Birth defects linked to use of certain drugs during pregnancy

Sean Hosein, for Canadian AIDS Treatment Information Exchange

In the past decade the use of anti-HIV drugs by HIV positive pregnant women has greatly increased in North America and Western Europe. These drugs can significantly reduce the risk of giving birth to an HIV positive baby.

While there are concerns that exposure to anti-HIV drugs during pregnancy, particularly during the first three months (first trimester), can significantly increase the risk of birth defects, so far this has not been the case.

Pregnant women with HIV sometimes also take the following antibiotics to prevent AIDS-related infections such as PCP and toxoplasmosis:

  • Bactrim/Septra
  • dapsone
  • pyrimethamine

Some pregnant women with HIV who are at high risk for having seizures may also be prescribed the following anti-seizure drugs:

  • carbamazepine
  • phenobarbital
  • phenytoin
  • primidone

Taken in combination, anti-HIV drugs, antibiotics and anti-seizure drugs could interfere with the growth and development of the foetus, resulting in birth defects. To find out about the impact of the combination of these drugs on the foetus, researchers in London, conducted a study. They reviewed the medical records of 195 HIV positive women and their children between 1994 and 1999.

  • average age of the mothers: 29 years
  • average CD4+ count during the first trimester: 255 cells

Increase in treatment use

The researchers found that the use of anti-HIV drugs during the first trimester of pregnancy has increased over the years, as follows:

  • 1994: 0%
  • 1998: 20%
  • 1999: 28%

They also noted that 22% of infants had been exposed to other drugs during the first trimester.

Birth defects

Mothers who received anti-HIV drugs and other medications during the first trimester were seven times more likely to have children with birth defects than mothers who did not use either group of drugs. Mothers who used either anti-HIV drugs or other medications during the first trimester did not have infants with birth defects. The occurrence of birth defects was not more common in women who had fewer than 200 CD4+ cells.

Drugs linked to birth defects

In HIV negative pregnant women, the use of such antibiotics as Bactrim/Septra, pyrimethamine or dapsone increases the risk of birth defects at least three-fold. These drugs work by interfering with the ability of germs to use the B-vitamin folic acid (folate). Unfortunately, they also affect the ability of the foetus to use folic acid, leading to birth defects. Thus it should come as no surprise that pregnant women who use these antibiotics as well as anti-HIV therapy during the first trimester are more likely to have children with birth defects.

What to do?

The London-based research team suggests that until further safety data are available, the need for taking preventative doses (prophylaxis) of drugs that interfere with folic acid “in women of childbearing age be reviewed and the benefits of folic acid supplementation emphasized during [pre-pregnancy] counselling.”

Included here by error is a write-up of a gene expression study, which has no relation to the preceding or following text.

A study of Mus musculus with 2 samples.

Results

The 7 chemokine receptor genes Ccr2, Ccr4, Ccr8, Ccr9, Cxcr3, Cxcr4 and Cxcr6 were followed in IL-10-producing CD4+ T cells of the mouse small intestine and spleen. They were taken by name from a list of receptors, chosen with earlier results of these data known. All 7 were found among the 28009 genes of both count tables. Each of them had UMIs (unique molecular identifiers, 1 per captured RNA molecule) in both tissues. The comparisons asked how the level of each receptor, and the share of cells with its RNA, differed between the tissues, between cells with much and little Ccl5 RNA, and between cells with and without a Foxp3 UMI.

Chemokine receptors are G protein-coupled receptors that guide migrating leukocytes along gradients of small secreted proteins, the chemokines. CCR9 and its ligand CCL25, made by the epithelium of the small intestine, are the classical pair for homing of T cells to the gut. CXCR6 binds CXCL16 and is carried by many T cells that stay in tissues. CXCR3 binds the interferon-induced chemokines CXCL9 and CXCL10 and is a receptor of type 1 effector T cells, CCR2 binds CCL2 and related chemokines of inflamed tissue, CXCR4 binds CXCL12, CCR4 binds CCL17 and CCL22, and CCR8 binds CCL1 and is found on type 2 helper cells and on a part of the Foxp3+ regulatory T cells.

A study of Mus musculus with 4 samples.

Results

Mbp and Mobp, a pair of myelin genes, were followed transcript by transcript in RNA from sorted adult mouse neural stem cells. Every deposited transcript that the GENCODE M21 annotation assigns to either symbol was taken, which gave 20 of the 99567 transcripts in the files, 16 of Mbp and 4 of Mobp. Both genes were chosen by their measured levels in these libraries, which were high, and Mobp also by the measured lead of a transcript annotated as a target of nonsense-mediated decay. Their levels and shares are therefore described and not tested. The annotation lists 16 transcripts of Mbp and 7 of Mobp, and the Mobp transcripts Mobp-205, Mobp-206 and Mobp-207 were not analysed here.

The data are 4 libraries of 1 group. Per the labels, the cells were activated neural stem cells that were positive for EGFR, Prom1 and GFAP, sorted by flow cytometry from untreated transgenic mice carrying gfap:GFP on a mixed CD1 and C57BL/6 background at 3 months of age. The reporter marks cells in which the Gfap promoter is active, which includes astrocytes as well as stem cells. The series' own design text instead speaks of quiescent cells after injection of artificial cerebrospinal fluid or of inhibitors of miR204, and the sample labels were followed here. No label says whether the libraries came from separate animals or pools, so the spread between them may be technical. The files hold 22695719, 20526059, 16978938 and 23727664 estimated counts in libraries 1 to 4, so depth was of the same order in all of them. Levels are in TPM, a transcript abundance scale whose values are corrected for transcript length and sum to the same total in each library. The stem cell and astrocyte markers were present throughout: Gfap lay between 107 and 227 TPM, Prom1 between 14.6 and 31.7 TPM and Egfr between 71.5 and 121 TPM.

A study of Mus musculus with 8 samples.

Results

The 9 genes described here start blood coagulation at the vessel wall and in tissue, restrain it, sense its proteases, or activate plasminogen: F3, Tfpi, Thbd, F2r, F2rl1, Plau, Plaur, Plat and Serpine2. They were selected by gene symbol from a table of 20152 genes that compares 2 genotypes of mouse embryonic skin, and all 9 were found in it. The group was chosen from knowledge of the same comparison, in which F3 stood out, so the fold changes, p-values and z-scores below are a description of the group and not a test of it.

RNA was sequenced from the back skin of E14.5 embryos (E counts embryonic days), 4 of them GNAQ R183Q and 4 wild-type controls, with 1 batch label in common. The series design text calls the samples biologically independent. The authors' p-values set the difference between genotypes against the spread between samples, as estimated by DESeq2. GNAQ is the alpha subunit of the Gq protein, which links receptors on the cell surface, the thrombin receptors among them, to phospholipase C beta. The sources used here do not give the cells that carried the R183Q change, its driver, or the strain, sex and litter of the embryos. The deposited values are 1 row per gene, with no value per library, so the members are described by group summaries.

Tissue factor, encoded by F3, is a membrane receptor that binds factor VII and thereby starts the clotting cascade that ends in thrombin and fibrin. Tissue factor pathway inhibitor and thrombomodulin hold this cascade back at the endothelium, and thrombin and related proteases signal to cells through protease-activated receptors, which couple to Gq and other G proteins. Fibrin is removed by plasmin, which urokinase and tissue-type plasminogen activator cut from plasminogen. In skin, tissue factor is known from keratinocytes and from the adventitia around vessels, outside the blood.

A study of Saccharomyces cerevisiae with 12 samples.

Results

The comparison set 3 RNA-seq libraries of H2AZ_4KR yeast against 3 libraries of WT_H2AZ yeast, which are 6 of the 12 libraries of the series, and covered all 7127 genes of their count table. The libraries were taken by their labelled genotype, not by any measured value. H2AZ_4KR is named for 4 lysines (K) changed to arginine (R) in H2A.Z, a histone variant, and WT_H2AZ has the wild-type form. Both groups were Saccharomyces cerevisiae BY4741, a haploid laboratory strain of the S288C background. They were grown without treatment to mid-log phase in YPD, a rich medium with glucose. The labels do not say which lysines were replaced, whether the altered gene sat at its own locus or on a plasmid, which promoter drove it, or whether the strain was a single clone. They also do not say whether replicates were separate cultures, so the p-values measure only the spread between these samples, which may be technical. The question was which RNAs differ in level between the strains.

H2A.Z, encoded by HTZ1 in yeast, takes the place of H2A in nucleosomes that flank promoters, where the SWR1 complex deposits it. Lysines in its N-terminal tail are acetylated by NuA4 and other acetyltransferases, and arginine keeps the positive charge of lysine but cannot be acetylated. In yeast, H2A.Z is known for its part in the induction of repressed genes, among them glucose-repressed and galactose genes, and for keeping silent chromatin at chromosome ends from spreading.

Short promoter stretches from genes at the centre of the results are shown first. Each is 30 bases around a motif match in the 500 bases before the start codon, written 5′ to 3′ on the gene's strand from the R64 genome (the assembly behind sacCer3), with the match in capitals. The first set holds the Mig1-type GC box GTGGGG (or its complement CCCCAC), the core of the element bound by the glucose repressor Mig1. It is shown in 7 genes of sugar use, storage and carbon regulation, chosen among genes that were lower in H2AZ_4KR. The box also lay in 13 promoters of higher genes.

In Canada, the routine use of Bactrim/Septra in pregnant women is discouraged. If pregnant women must use these drugs then a supplement of folic acid, between 5 and 10 mg/day, is suggested.

Antiseizure drugs

Studies in HIV negative pregnant women indicate that low doses of folic acid (400 micrograms/day) may be protective against birth defects caused by the antibiotics previously mentioned. However, this low dose of folic acid does not help prevent birth defects in HIV negative pregnant women who are using anti-seizure drugs. Clearly, more research needs to be done to find ways of preventing birth defects in pregnant women who need to use anti-seizure drugs.


This is an issue that clearly deserves further attention to find out whether other cohorts corroborate the findings in London. The increased odds ratio of about eight is significant, but because these are rare events the possibility of a mother having a baby with a birth defect remains low even on these drugs. Therefore careful risk-benefit analysis is required, since PCP in pregnancy may be more detrimental to more mothers and their babies.

In the meantime the advice to use Bactrim/Septra judiciously in women is sensible. The Canadian policy of avoiding Bactrim/Septra during pregnancy seems reasonable, but have they extended this to women of child-bearing age? Since it is exposure in the first trimester that is relevant, there is a risk that by the time the pregnancy is recognised it would be too late.


  1. Hernández-Díaz S, Werler MM, Walker AM and Mitchell AA. Folic acid antagonists during pregnancy and the risk of birth defects. New England Journal of Medicine 2000;343:1608-1614.
  2. Hernández-Díaz S, Werler MM, Walker AM and Mitchell AA. Neural tube defects in relation to use of folic acid antagonists during pregnancy. American Journal of Epidemiology 2001;153(10):961-968.
  3. Jungmann EM, Mercey D, DeRuiter A, Edwards S, et al. Is first trimester exposure to the combination of antiretroviral therapy and folate antagonists a risk factor for congenital abnormalities? Sexually Transmitted Infections 2001;77:441-443.
  4. Anonymous. Bactrim. Compendium of Pharmaceutical Specialties 2000;170.